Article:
As cable news pundits stewed over a wild day in Washington, one that culminated in House Speaker Nancy Pelosi’s announcement that Democrats were launching an impeachment inquiry into President Donald Trump, NBC News’ Andrea Mitchell took the stage at the News & Documentary Emmys to receive a lifetime achievement award.
“In my experience, during more than four decades covering the White House and Congress and national security during seven administrations, politics was invariably and appropriately adversarial,” she told the audience. “But this is different. Our credibility as journalists is deliberately targeted as part of a re-election strategy.”
She was talking of Trump’s attacks on the media up to this point, imagining what it will be like if the impeachment raises a serious threat to his tenure in office. The President’s fever over all things said on cable news only will rise as he watches the story unfold, along with a CNN running tally of the rising number of House Democrats calling for his removal. The story, as CNN’s Gloria Borger said, is moving at “mach speed.”
The fast-moving news day on Tuesday likely will be matched today, when Trump is scheduled meet with the president of Ukraine, Volodymyr Zelensky, and later participates in a press conference in New York.
First and foremost, though, there is the White House’s promised release of the transcript of the fateful Trump-Zelensky phone call, one that could shed light on the president’s defense or if there actually was pressure to investigate Joe Biden and his son, Hunter. Already, Democrats are skeptical that the transcript will reveal full details of the call — and they want to see the actual whistleblower complaint. (The transcript was released later in the morning.)
Shortly after Pelosi’s late-afternoon announcement Tuesday, Fox News’ chief White House correspondent John Roberts reminded that Trump warned reporters last week that the media would end up with egg on its face when the story turns out to be nothing.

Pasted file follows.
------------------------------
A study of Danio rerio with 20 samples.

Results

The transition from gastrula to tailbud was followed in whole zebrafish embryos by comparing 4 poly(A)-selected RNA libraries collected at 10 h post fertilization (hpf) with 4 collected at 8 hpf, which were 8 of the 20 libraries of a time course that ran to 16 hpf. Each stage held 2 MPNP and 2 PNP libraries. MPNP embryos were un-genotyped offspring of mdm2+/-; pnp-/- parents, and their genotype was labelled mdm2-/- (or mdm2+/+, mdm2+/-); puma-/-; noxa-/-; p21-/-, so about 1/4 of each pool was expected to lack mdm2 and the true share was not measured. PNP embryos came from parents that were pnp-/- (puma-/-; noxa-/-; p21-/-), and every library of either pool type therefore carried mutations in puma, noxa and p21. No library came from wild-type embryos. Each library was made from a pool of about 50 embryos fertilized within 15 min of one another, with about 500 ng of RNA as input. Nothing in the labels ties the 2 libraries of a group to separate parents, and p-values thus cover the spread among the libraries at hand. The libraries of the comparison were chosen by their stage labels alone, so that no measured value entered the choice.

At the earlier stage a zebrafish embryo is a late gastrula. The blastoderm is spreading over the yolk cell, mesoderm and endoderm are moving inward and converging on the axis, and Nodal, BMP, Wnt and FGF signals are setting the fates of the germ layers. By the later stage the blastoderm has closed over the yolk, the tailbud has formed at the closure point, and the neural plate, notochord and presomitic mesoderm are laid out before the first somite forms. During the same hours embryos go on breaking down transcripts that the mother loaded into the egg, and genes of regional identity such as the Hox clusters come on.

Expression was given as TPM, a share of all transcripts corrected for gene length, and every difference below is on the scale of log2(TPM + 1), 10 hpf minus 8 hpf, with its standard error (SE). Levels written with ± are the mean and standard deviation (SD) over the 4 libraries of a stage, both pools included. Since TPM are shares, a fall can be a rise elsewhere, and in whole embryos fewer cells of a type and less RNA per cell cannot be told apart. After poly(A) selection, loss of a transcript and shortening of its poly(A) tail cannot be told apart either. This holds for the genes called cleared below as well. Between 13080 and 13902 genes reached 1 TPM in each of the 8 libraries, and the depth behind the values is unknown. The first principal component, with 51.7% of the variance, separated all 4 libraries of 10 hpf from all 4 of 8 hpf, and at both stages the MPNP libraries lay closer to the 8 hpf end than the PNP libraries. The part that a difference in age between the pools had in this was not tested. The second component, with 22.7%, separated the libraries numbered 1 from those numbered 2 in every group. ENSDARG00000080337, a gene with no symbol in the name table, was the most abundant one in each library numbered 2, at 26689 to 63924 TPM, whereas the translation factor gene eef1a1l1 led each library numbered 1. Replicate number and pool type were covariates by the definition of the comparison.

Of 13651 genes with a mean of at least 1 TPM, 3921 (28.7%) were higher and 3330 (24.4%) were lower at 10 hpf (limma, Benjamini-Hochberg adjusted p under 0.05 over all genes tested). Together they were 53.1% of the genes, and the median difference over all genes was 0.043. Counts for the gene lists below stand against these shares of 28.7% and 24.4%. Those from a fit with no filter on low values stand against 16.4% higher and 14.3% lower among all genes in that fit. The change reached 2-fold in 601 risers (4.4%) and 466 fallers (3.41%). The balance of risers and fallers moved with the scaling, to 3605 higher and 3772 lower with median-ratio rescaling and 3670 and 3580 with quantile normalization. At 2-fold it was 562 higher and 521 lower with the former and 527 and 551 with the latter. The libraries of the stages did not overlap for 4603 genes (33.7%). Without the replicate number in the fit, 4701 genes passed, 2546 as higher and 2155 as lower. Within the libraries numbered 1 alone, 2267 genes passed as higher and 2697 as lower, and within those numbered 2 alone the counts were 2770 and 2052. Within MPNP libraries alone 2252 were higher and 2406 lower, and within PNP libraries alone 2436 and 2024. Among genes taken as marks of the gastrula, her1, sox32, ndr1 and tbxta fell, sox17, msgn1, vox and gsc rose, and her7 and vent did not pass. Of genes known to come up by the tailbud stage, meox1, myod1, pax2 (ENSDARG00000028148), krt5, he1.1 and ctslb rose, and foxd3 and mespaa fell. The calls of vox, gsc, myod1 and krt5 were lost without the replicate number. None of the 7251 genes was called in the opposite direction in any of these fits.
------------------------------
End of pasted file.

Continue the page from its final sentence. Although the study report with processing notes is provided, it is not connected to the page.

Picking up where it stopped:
That was a theme throughout the evening on Tucker Carlson’s and Sean Hannity’s Fox News shows, capped by an appearance by Rudy Giuliani as a guest on Laura Ingraham’s hour. It proved to be another wild encounter, rivaling Giuliani’s appearance on Chris Cuomo’s CNN show last week. Giuliani, who is serving as Trump’s personal lawyer and also is one of the central figures in the whistleblower saga, at first appeared in a one-on-one with Ingraham and then joined a panel, where he said that one of his fellow panelists, Tom Hahn, should be sued for libel.
“Shut up, you don’t know what you are talking about idiot,” Giuliani said.
His media tour continued Wednesday morning, when he appeared on Fox & Friends and again tried to point the finger at the Bidens and also President Barack Obama. “What did Obama know and when did he know it?” Giuliani said in the interview, reflecting an overall Trump team strategy to point the finger at his predecessor and call out the media for not exposing it.
Yet news outlets have covered the Biden story, as Chuck Todd argued in an unusually contentious interview with Sen. John Kennedy (R-LA) on Meet the Press Daily on Tuesday.
“I’m not here to allow a false equivalency to take over here,” Todd told Kennedy. “That is a problem with our politics.”
After a bit of back and forth, Kennedy quipped, “One of us is right, and the other one is you.”
More than a few pundits, never-Trump Republicans and even Democrats have warned that so many other times in Trump’s presidency, there has been a moment like this, where a simmering, complicated story captivated attention, but never led to a scandal that galvanized public support for his removal from office.
As the rest of the story unfolds at great speed this week, perhaps we’ll see whether this time is different.